Israeli court acquits Raed Salah

An Islamic Movement leader is acquitted over involvement in a 2007 Jerusalem riot.

    Sheikh Raed Salah was aquitted over charges in connection to a 2007 protest [EPA]

    "The police should be blamed, and if true justice is sought, all of the four remaining cases against me should be closed," the paper quoted him as saying.

    Inconsistent charges

    Judge Shimon Fineberg ruled that the charges made by Israeli police were inconsistent with witness testimony and video evidence produced by the defence.

    He also acquited Salah on charges of involvement in an illegal gathering, citing a lack of proof.

    Salah, an Israeli citizen, led several protests in February and March of 2007, saying that Israel was trying to dig under the Temple Mount , which could lead to the collapse of the al-Aqsa mosque.

    At the time, he was quoted by the Reuters news agency as calling "on the Islamic and Arab world for an intifada [uprising] to support al-Aqsa".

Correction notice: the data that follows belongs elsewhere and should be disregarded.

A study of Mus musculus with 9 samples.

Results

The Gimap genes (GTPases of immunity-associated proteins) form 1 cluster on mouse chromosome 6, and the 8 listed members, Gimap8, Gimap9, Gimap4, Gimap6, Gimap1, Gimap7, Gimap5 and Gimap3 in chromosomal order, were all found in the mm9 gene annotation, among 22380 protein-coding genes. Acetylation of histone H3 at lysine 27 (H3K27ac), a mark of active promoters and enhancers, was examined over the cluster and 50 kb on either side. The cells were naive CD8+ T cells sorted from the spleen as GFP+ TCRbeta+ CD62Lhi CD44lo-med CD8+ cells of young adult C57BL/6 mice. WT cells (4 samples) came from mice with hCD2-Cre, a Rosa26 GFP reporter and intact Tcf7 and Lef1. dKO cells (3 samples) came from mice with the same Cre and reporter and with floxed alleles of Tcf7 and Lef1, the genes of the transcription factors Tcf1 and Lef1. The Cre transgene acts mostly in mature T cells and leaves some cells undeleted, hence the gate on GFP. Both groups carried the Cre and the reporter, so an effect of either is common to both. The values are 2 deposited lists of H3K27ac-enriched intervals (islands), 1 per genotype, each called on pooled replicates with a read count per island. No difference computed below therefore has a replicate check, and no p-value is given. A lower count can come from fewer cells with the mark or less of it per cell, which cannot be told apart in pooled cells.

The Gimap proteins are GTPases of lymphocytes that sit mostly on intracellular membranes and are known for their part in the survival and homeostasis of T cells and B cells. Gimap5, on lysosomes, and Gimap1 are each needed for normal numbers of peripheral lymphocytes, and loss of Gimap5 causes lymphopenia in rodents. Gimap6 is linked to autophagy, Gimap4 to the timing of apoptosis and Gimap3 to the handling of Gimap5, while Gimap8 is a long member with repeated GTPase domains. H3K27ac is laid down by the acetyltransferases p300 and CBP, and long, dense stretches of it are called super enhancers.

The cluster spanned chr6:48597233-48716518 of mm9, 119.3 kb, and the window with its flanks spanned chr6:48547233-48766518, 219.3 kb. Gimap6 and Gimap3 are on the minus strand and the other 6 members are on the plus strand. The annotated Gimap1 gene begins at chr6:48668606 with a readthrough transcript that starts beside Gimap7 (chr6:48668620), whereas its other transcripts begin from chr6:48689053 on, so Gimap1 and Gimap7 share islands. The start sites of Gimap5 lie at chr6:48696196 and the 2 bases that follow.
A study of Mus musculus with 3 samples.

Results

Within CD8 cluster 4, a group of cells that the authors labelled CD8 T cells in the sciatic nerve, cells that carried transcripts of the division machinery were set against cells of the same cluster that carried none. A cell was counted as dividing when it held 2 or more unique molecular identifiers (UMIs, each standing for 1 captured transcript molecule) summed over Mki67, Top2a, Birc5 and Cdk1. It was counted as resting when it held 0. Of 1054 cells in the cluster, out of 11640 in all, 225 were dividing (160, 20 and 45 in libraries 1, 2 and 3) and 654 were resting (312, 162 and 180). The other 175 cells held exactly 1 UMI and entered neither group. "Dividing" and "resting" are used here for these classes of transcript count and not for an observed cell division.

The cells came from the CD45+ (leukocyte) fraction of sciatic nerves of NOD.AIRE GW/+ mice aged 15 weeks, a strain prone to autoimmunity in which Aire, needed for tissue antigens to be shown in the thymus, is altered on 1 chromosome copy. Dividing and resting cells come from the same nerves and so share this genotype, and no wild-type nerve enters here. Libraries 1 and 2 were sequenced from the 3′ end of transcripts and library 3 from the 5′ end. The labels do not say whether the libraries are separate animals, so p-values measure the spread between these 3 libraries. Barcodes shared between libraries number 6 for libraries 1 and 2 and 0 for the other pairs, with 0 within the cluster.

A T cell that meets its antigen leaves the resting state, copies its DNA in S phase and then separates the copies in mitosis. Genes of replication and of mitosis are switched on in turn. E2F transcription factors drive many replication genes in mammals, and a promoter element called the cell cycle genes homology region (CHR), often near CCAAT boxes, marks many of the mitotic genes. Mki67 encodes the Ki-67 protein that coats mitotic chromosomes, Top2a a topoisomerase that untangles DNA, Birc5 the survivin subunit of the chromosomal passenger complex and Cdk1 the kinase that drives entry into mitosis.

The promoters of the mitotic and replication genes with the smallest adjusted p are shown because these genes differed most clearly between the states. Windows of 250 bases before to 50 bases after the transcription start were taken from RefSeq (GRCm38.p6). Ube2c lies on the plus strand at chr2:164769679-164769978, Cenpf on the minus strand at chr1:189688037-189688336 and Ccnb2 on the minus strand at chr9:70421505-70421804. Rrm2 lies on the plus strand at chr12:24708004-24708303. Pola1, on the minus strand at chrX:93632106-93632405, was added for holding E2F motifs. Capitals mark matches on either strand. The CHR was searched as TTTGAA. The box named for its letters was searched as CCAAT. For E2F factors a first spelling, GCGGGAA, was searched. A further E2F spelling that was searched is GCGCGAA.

He has been arrested by Israeli police a number of times, and been banned from entering Jerusalem for periods of 30 days. He also previously made headlines by spending two years in an Israeli prison for allegedly raising money for Hamas.

    Israeli ministers have called for the outlawing of his wing of the Islamic Movement, which boycotts Israeli parliamentary elections out of a refusal to recognise an exclusively Jewish state of Israel.

    SOURCE: Al Jazeera and agencies


    YOU MIGHT ALSO LIKE

    Why some African Americans are moving to Africa

    Escaping systemic racism: Why I quit New York for Accra

    African-Americans are returning to the lands of their ancestors as life becomes precarious and dangerous in the USA.

    Why Jerusalem is not the capital of Israel

    Why Jerusalem is not the capital of Israel

    No country in the world recognises Jerusalem as Israel's capital.

    US: Muslims to become second-largest religious group

    US: Muslims to become second-largest religious group

    By 2050 the number of Muslims is projected to reach 8.1 million, or 2.1 percent, of the total US population.